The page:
What is skin discolouration?
Skin discolouration is a common side effect of the acne healing process where the skin around an acne lesion changes colour from your natural skin tone and is left discoloured after the acne lesion has healed.
Acne lesions can cause skin discolouration in a number of ways. Blood vessels in the area of the lesion may dilate as part of the body’s healing response, leaving the skin looking red or purple. Damage to the skin cells by acne lesions may also cause the cells to release more melanin, which is a pigment that causes the skin to look brown.
Sometimes the body will clear these causes of skin discolouration over time and the skin will return to its original complexion. However, these changes to the skin may not heal and can become permanent.
Skin discolouration as a result of acne can occur anywhere on the body that acne forms and is largely dependent on how your skin heals.
What factors make it more likely that skin discolouration will occur?
Inflammation plays a role in the development of skin discolouration. The deeper that inflammation from an acne lesion reaches into the skin the more likely discolouration is to occur. This is one of the reasons that it is important to treat acne as soon as possible, to lower the risk of deep inflammation.
Picking or squeezing acne lesions can damage the skin and lead to an increased chance of discolouration. It is not advised that you pick at or squeeze your acne. However, in reality many people do this in an attempt to remove pus. If you are insistent on picking at or squeezing your acne to remove pus then please see our guide on how to lower your chances of damaging your skin here.
You are also more likely to develop discolouration if you smoke, as smoking leads to an increased risk of skin damage in general.
People with darker skin types are also at a higher risk of developing discolouration as darker skin also produces more pigment after it has been damaged than lighter skin, meaning that discolouration is more likely.
Skin Discolouration Treatments
There are several treatments that can help to reduce the skin discolouration that can be caused by acne. Some of the more common treatments that are used in the treatment of skin discolouration are listed below.
It is important to remember that discolouration reduction treatments are not readily available on the NHS. If you are thinking about paying for a discolouration reduction treatment privately then be sure to research your practitioner and make certain that they are qualified to conduct the procedure, such as a Consultant Dermatologist or Plastic Surgeon. It is often advisable to use a practitioner who can carry out all of the various forms of discolouration reduction treatments that are discussed above, as they will be able to advise you on the best option for your skin colour and nature of discolouration.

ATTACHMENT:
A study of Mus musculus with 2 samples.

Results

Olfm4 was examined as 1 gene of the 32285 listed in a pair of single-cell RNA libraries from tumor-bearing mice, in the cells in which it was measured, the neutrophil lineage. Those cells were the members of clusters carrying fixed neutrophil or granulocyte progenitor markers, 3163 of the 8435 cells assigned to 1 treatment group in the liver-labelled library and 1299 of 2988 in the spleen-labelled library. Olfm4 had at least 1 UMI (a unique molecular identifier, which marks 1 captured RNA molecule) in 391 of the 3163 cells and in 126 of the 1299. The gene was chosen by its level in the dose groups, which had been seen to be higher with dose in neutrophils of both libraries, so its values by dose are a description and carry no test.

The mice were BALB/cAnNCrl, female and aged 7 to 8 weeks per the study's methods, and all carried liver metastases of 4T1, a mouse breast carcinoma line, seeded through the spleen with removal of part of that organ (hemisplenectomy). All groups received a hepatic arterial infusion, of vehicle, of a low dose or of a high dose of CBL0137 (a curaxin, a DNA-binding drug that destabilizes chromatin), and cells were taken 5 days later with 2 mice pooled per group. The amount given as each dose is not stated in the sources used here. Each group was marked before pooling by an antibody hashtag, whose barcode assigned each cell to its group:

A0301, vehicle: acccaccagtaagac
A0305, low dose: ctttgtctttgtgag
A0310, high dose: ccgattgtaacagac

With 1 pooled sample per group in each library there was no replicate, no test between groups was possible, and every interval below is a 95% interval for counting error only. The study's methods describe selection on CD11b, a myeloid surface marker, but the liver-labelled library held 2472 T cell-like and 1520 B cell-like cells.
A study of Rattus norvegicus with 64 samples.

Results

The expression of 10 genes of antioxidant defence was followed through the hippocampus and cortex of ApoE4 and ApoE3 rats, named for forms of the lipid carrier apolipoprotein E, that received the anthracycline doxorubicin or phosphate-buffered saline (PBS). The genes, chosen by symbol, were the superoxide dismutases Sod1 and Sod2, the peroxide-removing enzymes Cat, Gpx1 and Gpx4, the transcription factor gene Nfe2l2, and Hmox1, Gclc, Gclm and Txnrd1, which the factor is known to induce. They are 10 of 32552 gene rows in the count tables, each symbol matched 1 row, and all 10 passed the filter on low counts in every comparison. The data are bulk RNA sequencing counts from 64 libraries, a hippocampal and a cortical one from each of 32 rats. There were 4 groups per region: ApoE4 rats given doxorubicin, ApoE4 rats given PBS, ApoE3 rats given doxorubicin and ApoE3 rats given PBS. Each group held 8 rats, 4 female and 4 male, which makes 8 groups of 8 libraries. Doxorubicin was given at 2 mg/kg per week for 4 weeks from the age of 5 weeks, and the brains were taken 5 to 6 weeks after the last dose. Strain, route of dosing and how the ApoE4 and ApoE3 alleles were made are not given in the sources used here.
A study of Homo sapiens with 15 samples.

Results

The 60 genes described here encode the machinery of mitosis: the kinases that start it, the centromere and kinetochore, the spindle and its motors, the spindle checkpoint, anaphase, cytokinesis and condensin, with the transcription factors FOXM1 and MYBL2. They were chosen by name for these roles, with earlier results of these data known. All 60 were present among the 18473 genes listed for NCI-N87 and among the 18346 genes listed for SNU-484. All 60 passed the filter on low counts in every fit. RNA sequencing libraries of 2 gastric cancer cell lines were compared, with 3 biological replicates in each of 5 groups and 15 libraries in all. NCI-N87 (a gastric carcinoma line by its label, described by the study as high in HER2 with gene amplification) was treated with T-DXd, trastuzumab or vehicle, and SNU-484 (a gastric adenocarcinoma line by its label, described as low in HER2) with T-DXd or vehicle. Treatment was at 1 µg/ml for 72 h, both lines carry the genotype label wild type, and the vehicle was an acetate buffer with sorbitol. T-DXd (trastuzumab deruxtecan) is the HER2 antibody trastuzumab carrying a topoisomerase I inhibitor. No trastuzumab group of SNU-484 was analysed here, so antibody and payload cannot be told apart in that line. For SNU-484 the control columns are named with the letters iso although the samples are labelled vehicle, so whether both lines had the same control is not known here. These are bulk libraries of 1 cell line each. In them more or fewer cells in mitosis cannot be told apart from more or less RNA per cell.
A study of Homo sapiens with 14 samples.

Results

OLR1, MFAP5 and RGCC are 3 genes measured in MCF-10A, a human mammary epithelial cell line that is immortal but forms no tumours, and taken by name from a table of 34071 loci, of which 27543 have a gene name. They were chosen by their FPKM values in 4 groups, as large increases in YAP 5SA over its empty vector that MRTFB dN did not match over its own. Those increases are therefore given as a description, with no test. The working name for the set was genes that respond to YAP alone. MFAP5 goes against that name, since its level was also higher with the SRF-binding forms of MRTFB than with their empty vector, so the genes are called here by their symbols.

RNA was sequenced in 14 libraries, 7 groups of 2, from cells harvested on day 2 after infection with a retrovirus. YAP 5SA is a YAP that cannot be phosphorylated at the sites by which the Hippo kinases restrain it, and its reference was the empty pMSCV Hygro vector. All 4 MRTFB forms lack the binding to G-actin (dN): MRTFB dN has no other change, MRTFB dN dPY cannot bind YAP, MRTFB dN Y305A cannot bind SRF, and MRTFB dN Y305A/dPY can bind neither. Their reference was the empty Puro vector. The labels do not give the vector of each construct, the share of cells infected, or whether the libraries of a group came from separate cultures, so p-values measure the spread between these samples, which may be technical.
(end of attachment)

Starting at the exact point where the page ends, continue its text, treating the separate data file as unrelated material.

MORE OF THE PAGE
Please note that all of the treatments above have potential side effects, such as burns, skin peeling, irritation, skin bleaching and changes to skin texture. Darker skin types are at higher risk of suffering the side effects of scar removal. Please talk to your doctor to find out more about the risks involved for any treatment that you may be considering.
Topical Retinols and Topical Retinoids
This treatment works by encouraging the production of a protein called collagen in the skin. Collagen leads to the production of new skin cells and the shedding of old ones, this includes the shedding of damaged, discoloured skin cells.
This is where a special tool is used to remove the top layers of skin through friction, not unlike a sanding machine. As the layers of skin are removed the discolouration caused by scarring can become reduced.
This treatment is sometimes known as collagen induction therapy. It works by using a special tool to create several, tiny injuries within a scar. These injuries usually heal within two days and new collagen is formed inside of the scar. Collagen is a protein that help gives our skin strength and elasticity. Through this process microneedling can reduce the discolouration associated with scarring by encouraging old skin cells to shed, including skin cells that have been discoloured by excess pigment. Multiple treatments tend to be required every four-six weeks to gain maximum benefits. It is important to note that reducing skin discolouration is not microneedling’s main purpose and targeted treatments designed for treating skin discolouration may work better.
This treatment works by removing the outer layers of skin using high concentrations of glycolic or salicylic acid. In doing so, it can reduce the discolouring that is associated with scarring. This treatment should only be carried out by a qualified practitioner (visit www.jccp.org.uk).
Ablative laser therapy uses high energy light to remove the outer layers of skin, which can reduce the discolouration that is associated with scarring. There are multiple laser therapies that are available for the treatment of acne scarring. A consultant dermatologist will be able to determine which treatment is right for you based on your skin colour and the nature of your scarring.